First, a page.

Judge rejects asylum plea for Elian

A U.S. federal judge has dismissed a lawsuit aimed at keeping 6-year-old Elian Gonzalez in the United States, saying only the U.S. attorney general can grant asylum to the Cuban boy.

U.S. District Judge K. Michael Moore's ruling came 12 days after hearing arguments in the lawsuit filed by Elian's great-uncle, Lazaro Gonzalez. Gonzalez wants to keep Elian, against the wishes of the boy's father in Cuba.

"Determination to grant asylum is a matter within the discretion of the attorney general," Moore wrote in the 50-page ruling.

A spokesman in the office of Ricardo Alarcon, president of Cuba's National Assembly said that authorities were reviewing the ruling.

The U.S. government had asked the judge to dismiss the lawsuit, which asked the court to compel the Immigration and Naturalization Service to give Elian an asylum hearing.

The judge wrote that the litigation was "well-intended" but it could bring about "unintended harm" because of "the reality that each passing day is another day lost between Juan Gonzalez and his son."

Elian's fate has been debated since he was found clinging to an inner tube off Florida on Nov. 25. His mother and 10 others drowned whe reach the United States. The case has become a tug of war between the Cuban government and family members in the United States who oppose the Cuban government's Communist ideology and want to raise the motherless boy.

In early January, the INS ordered that Elian be returned to his father, a decision backed by U.S. President Bill Clinton and Attorney General Janet Reno. The order was put on hold pending the court fight.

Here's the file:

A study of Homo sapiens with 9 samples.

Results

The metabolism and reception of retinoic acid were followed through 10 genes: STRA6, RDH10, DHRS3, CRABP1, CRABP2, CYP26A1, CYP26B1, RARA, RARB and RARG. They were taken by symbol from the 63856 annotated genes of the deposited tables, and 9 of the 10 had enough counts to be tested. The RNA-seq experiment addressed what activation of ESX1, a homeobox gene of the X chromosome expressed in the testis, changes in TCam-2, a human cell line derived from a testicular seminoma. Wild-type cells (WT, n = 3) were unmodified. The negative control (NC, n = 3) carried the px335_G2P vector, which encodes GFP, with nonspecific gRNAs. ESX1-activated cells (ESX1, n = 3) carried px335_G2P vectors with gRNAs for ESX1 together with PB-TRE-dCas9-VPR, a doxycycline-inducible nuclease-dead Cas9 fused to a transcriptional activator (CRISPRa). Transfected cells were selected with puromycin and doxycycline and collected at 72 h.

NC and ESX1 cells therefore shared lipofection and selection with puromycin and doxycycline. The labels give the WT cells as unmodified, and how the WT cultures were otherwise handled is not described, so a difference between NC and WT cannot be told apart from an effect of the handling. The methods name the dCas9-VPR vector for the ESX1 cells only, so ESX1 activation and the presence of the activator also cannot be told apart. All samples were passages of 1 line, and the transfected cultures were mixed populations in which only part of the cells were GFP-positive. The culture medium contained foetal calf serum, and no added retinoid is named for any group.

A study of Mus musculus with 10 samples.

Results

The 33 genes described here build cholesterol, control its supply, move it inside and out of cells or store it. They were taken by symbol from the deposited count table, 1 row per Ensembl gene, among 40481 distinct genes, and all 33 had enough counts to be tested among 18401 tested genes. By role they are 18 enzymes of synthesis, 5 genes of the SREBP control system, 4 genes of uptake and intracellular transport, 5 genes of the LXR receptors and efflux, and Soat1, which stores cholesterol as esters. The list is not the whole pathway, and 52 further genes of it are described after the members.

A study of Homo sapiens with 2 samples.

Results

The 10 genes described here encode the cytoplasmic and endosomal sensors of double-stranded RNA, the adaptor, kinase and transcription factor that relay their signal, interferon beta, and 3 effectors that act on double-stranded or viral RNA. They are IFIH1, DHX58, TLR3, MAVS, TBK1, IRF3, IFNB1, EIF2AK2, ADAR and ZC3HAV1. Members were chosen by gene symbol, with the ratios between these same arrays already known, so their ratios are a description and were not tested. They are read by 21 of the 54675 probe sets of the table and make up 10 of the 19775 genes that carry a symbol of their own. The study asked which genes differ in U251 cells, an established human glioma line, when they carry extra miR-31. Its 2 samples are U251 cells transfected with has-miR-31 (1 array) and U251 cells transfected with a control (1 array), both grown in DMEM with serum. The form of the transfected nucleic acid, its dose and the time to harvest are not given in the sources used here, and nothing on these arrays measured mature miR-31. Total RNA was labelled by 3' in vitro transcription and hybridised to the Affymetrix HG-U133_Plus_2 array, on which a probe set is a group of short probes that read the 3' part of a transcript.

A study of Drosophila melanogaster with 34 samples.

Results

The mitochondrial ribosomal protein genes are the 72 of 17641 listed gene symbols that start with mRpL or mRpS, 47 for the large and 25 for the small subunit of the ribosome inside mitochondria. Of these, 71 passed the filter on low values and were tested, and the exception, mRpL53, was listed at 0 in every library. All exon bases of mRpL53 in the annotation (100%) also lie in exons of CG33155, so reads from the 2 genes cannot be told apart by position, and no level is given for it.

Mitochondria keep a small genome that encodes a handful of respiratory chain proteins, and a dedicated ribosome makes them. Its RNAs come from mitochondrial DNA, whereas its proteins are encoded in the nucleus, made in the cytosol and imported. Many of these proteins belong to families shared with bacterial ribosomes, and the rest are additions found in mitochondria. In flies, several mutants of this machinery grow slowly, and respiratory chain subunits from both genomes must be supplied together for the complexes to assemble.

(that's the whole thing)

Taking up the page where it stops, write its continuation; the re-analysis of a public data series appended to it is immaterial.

Attorneys for Lazaro Gonzalez have argued that the INS violated the boy's rights by refusing to grant him a political asylum hearing when he was rescued.

But government lawyers said Elian's father, Juan Miguel Gonzalez, opposed asylum for his son, and that his wishes should be respected over those of the boy's great-uncle.

In addition, government lawyers said, INS officials conducted a thorough investigation, which was reviewed by Reno, and found no basis for an asylum claim.

While any alien may apply for political asylum, INS officials said Elian is too young and only a parent or guardian can file an application for him.

During the three-hour hearing earlier this month, Moore asked why the INS did not simply reject the asylum application filed on Elian's behalf by the great-uncle and return him to his father.

Government lawyers said the boy already was traumatised by his ordeal at sea and it made sense at the time to release the boy to the custody of relatives who showed up at the hospital.

The battle over Elian has divided the boy's relatives on both sides of the Florida Straits, and has taken on impassioned and often ugly ideological overtones that underscore the differences separating Cubans in the two nations.

Since his arrival in Florida, Elian has captivated many Cuban-Americans, who say the boy is a symbol of the plight of Cuban people under Fidel Castro.

Cuban-American groups have held protests and lobbied presidential candidates and members of Congress to help buy time to keep Elian from being returned to his father.

In Cuba, tens of thousands have staged rallies and marches to demand the boy's return.